Flute (מִשׁרוֹקַיתָא, mashrokitha', from its hissing or whistling sound; Theodot. σὐριξ, a pipe), a musical instrument, mentioned among others (Da 3:5,7,10,15) as used at the worship of the golden image which Nebuchadnezzar had set up. (Comp. the αὐλός of 1 Esdr. 5:2, as a Persian instrument.) According to the author of Shilte-Haggiborim, this instrument was sometimes made of a great number of pipes — a statement which, if correct, would make its name the Chaldee for the musical instrument called in Hebrew עוּגָב, ugab', and erroneously rendered in the A.V. "organ." SEE PIPE.
There is notice taken in the Gospels of players on the flute (αὐλητής, "minstrel"), who were collected at funerals (Mt 9:23-24). The Rabbins say that it was not allowable to have less than two players on the flute at the funeral of persons of the meanest condition, besides a professional woman hired to lament; and Josephus relates that, a false report of his death being spread at Jerusalem, several persons hired players on the flute by way of preparation for his funeral. In the Old Testament, however, we see nothing like it. The Jews probably borrowed the custom from the Romans. When it was an old woman who died they used trumpets, but flutes when a young woman was to be buried. SEE FUNERAL.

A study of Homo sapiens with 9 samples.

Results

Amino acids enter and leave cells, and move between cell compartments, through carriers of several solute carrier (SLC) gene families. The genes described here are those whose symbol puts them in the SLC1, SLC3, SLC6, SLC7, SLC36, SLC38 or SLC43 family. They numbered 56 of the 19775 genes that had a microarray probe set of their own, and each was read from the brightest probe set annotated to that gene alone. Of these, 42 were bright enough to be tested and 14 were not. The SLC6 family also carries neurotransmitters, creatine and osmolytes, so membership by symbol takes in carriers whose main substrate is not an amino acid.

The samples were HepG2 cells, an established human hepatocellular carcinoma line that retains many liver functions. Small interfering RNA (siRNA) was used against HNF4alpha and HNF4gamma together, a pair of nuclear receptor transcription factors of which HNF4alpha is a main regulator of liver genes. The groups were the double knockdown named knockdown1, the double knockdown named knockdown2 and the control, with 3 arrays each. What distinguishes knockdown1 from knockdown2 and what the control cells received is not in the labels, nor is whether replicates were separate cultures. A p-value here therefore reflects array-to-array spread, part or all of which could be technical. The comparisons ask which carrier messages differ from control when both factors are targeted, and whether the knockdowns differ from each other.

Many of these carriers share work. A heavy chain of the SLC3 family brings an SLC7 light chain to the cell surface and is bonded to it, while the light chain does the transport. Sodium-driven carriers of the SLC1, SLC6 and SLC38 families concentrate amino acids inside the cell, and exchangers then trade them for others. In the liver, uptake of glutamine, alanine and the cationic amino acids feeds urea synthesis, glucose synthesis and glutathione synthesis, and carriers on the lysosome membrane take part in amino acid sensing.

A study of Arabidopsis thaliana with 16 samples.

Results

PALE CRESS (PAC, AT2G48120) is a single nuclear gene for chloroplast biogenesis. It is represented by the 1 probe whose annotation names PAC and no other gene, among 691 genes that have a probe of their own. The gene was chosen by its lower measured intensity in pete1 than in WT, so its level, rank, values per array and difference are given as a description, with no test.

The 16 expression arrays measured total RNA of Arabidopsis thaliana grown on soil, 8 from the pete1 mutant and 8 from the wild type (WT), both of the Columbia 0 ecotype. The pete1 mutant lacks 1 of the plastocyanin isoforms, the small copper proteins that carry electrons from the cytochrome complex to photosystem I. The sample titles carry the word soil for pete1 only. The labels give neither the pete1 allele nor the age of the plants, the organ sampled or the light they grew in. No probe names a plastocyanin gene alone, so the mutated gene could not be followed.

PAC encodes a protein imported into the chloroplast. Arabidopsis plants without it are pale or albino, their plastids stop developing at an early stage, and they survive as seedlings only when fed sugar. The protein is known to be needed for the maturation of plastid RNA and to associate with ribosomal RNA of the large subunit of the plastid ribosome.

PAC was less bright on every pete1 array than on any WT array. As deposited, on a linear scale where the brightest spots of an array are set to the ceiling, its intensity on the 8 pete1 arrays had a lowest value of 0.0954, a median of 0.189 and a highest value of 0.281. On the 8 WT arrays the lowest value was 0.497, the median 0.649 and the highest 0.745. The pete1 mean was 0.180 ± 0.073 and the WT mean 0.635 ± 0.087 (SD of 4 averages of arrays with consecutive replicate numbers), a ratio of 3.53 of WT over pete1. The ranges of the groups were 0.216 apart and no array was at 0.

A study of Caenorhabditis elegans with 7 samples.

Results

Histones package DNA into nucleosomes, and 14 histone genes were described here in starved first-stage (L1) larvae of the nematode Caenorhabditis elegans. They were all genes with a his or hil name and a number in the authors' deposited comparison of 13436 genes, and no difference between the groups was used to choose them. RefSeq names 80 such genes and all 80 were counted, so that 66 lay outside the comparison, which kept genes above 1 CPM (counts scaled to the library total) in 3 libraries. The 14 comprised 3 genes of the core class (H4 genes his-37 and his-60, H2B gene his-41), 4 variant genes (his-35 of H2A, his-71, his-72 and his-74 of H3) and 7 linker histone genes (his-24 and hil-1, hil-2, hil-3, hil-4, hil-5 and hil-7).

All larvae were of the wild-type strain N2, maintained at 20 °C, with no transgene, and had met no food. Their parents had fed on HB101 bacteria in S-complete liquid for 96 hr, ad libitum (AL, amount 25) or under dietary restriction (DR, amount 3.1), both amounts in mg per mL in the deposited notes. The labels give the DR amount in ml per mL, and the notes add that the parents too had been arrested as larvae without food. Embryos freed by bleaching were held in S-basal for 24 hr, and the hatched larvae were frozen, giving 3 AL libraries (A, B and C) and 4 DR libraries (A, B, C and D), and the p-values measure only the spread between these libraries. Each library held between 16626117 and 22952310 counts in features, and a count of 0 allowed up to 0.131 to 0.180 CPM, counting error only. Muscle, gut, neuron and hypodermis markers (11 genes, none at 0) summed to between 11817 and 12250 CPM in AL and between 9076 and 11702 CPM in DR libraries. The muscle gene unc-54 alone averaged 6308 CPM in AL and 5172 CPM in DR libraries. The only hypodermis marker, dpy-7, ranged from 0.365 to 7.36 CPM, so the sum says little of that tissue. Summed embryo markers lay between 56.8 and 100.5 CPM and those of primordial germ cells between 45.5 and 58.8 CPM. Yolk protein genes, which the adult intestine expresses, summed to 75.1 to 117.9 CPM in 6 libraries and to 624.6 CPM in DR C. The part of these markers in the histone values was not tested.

Flutes, or rather flageolets, were very early in use in ancient Egypt, where they were of various forms and lengths, both single and double, with different numbers of holes, and used by players of both sexes.
So also among the Greeks and Romans these instruments were common (Wilkinson, Anc. Eg. 1:126 sq., abridgm.; Kitto, Pictorial Bible, note on Da 3:10).
They are likewise frequent in the modern East (Lane's Egyptians, 2:82). SEE MUSICAL INSTRUMENTS.